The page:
What Do Vendors and ISVs Want from Each Other?

The RSPA Niche & Startup ISV Community helps software developer executives meet and network with fellow RSPA ISV members in a vendor-neutral setting. To join or sponsor the RSPA Niche & Startup ISV Community, email Membership@GoRSPA.org.

By: RSPA Niche & Startup ISV Community

A recent meeting of the RSPA Niche & Startup ISV Community attempted to answer the question “What Do Vendors and ISVs Want from Each Other?” Vendor and distributor executives who sponsor the ISV Community conducted a lively one-hour give-and-take with several software executives. Here are some highlights:  

  • ISVs are always innovating, so there’s always a new use case out there – and that means they need new things from vendors. They’re developing solutions 2-3 years before they bring it to market, so they need help developing that. 
  • From a disty perspective, we see both sides of what vendors and ISVs want. Vendors want the same things they want out of a good friendship. They want the ISVs to say nice things behind their back and say real, difficult things to their face. They want the ISVs to help the vendor better position their product.  
  • Most hardware in this world is a commodity, so service for me as an ISV is everything. I had one of my vendors who was our top vendor for 20 years and, because of their service issues, they’re now one of the three worst I’ve ever worked with and I’ll never work with them again. Every hardware vendor has product issues; it’s your response and support to the product issue that matters. They had a product issue and didn’t do anything about it until after six months of screaming from us. We had a similar problem with a different vendor, and they fixed it in days. 
  • A couple of times we have missed the opportunity to co-promote with an ISV because nobody told us they were going to the event. Talk about a lost opportunity! Some of that’s on us because we don’t have the right relationships inside that ISV organization.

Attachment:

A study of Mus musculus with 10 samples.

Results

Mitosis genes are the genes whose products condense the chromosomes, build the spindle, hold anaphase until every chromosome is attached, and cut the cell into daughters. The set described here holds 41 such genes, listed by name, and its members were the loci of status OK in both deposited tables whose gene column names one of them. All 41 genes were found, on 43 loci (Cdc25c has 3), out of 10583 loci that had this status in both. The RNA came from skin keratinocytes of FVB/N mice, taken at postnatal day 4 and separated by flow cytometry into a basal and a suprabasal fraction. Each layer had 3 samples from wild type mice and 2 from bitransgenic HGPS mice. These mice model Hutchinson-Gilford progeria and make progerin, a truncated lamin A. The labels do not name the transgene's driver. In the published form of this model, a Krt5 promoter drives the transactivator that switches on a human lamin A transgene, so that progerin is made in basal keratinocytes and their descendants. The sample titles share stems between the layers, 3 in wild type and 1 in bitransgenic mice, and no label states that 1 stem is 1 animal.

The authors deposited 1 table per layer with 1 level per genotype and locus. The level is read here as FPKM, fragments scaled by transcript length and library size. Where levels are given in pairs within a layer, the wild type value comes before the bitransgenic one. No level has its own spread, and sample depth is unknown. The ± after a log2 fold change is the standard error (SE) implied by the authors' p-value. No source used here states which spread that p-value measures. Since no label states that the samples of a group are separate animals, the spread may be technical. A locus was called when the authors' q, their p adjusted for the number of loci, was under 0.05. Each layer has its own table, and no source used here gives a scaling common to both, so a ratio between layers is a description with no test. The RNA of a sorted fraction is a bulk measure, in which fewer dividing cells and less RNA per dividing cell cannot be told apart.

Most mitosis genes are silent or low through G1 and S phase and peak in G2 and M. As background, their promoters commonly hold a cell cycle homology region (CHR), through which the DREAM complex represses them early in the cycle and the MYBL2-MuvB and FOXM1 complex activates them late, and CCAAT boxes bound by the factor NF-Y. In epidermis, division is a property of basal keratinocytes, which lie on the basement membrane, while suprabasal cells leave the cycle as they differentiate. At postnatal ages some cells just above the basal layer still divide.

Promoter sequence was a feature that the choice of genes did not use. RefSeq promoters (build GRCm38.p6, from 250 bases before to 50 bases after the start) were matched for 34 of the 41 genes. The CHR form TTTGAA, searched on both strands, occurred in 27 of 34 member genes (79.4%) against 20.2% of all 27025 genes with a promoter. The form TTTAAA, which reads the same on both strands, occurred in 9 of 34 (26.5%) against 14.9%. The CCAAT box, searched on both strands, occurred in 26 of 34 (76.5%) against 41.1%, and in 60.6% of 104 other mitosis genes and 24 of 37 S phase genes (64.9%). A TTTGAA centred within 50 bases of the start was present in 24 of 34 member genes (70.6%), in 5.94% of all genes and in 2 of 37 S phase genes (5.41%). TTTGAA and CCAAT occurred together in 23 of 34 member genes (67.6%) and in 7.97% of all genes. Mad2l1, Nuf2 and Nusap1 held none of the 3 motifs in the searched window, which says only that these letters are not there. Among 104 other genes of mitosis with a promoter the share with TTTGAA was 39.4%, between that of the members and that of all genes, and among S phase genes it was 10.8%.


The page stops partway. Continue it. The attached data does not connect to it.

• When ISVs are choosing a hardware partner, they have to look 4-5 years down the road for their product roadmap. If you don’t do that, you’ll go down a dead end. 
  • A lot of younger ISVs don’t want to touch hardware. But doesn’t it make sense for the ISV to control the full experience? Your customers are going to need receipt printers and cash drawers and barcode scanners. Otherwise, your customer is buying whatever hardware from Amazon and you’re risking the performance of the solution and your reputation. 
  • ISVs saying “hardware agnostic” is a sales pitch for us. The customer doesn’t feel like they’re being forced into a product, but 95% of customers buy whatever you sell them.  
  • Sometimes hardware vendors get in their own way because they don’t allow the software to lead. End users most of the time are looking at the software primarily and the solution it provides, then they take what hardware the ISV recommends. Don’t force feed the hardware into the promotion. Be a flexible partner and allow the software to lead. 
  • Once you integrate, you’re not done. One of the keys to our relationships with ISVs is to connect in multiple layers of the organization – sales, product, marketing, operations. When you have one of these “gotchas” that need to be disabled, you run into problems when you don’t have those relationships.